The show uses a set designed to look like a giant brain, with mobile pieces to pen and close the structure, as well as ladders and berths upon which the characters perched during different phases. The narrative, following loosely the structure of the book, follows a young Matt (Mike Noble) through his emotional breakdown at the age of 24, all the way up to the release of the book itself in 2015. An older Matt, played by Phil Cheadle, offers sage advice and occasional respite from his younger counterpart’s panic attacks and darker moments. This device was both creative and useful - both actors interacted in a clever, mature way and used older Matt’s wisdom and Dumbledore-esque attitude to balance out younger Matt’s much more neurotic behaviour. What struck me as most instructive, however, was the turntable moment where older Matt was sent into a tailspin, right before the publishing of his new book. Here, it was really hammered home that depression is not a phase, not a one-time issue, not able to be completely eradicated with medication or even time.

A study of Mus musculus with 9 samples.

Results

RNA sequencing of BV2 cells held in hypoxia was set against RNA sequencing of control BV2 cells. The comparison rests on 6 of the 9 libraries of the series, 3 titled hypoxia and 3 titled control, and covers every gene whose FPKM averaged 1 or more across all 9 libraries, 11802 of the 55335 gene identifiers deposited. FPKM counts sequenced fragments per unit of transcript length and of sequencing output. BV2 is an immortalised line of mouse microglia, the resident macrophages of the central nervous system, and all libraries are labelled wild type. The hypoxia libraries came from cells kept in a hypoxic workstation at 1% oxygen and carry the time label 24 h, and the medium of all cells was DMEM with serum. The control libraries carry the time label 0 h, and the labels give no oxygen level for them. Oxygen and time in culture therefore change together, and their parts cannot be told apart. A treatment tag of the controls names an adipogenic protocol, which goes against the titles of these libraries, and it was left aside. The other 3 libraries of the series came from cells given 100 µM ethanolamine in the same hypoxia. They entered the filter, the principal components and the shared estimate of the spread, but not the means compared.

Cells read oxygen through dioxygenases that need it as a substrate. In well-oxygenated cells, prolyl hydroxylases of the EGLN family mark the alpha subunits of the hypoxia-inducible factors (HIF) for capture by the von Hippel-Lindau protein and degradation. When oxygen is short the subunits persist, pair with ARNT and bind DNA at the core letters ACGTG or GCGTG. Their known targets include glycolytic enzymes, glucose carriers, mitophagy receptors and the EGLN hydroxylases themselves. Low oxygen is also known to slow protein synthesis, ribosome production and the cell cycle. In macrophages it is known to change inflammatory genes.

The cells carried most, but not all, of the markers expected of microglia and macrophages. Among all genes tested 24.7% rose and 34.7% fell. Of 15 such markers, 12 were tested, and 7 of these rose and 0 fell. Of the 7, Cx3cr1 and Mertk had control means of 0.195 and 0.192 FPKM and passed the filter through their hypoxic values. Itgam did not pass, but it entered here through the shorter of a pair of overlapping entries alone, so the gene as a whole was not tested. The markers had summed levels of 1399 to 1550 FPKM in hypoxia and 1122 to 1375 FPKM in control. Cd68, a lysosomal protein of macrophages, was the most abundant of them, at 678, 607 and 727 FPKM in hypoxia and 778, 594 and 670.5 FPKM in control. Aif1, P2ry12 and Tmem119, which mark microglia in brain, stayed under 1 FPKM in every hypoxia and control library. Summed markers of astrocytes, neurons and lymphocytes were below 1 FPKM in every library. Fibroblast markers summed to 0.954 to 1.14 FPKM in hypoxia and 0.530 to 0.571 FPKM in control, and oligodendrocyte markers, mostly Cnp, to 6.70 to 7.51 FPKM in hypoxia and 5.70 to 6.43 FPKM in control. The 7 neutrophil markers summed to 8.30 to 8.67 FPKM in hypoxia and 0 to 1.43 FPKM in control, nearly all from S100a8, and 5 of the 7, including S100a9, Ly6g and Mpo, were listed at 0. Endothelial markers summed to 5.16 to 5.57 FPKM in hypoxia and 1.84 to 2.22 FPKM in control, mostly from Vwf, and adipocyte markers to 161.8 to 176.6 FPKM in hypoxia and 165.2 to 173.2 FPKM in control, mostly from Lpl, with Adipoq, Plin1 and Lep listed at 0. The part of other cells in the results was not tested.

The show was a riot of emotion, undeniably personal yet encouraging, and perhaps unintentionally instructive.
This book’s aim is not to instruct the public the there is one way to deal with depression, but to offer one sufferer’s perspective and to provide optional tactics to combat many facets of the illness, from panic attacks to unsympathetic responses, and even discusses how a person in a position of care for someone who is depressed could act. Janet Etuk, who plays Andrea (Matt’s girlfriend and eventual wife) is impetuous and empathetic in equal measure, showing constancy in the face of Matt’s often erratic behaviour and always providing a shoulder, a leg up, a pep talk or sometimes a dressing down.
The show was a riot of emotion, undeniably personal yet encouraging, and perhaps unintentionally instructive. I very much enjoyed it, learned a lot, and will view the concept of depression very differently after having been educated by ‘Reasons to Stay Alive’.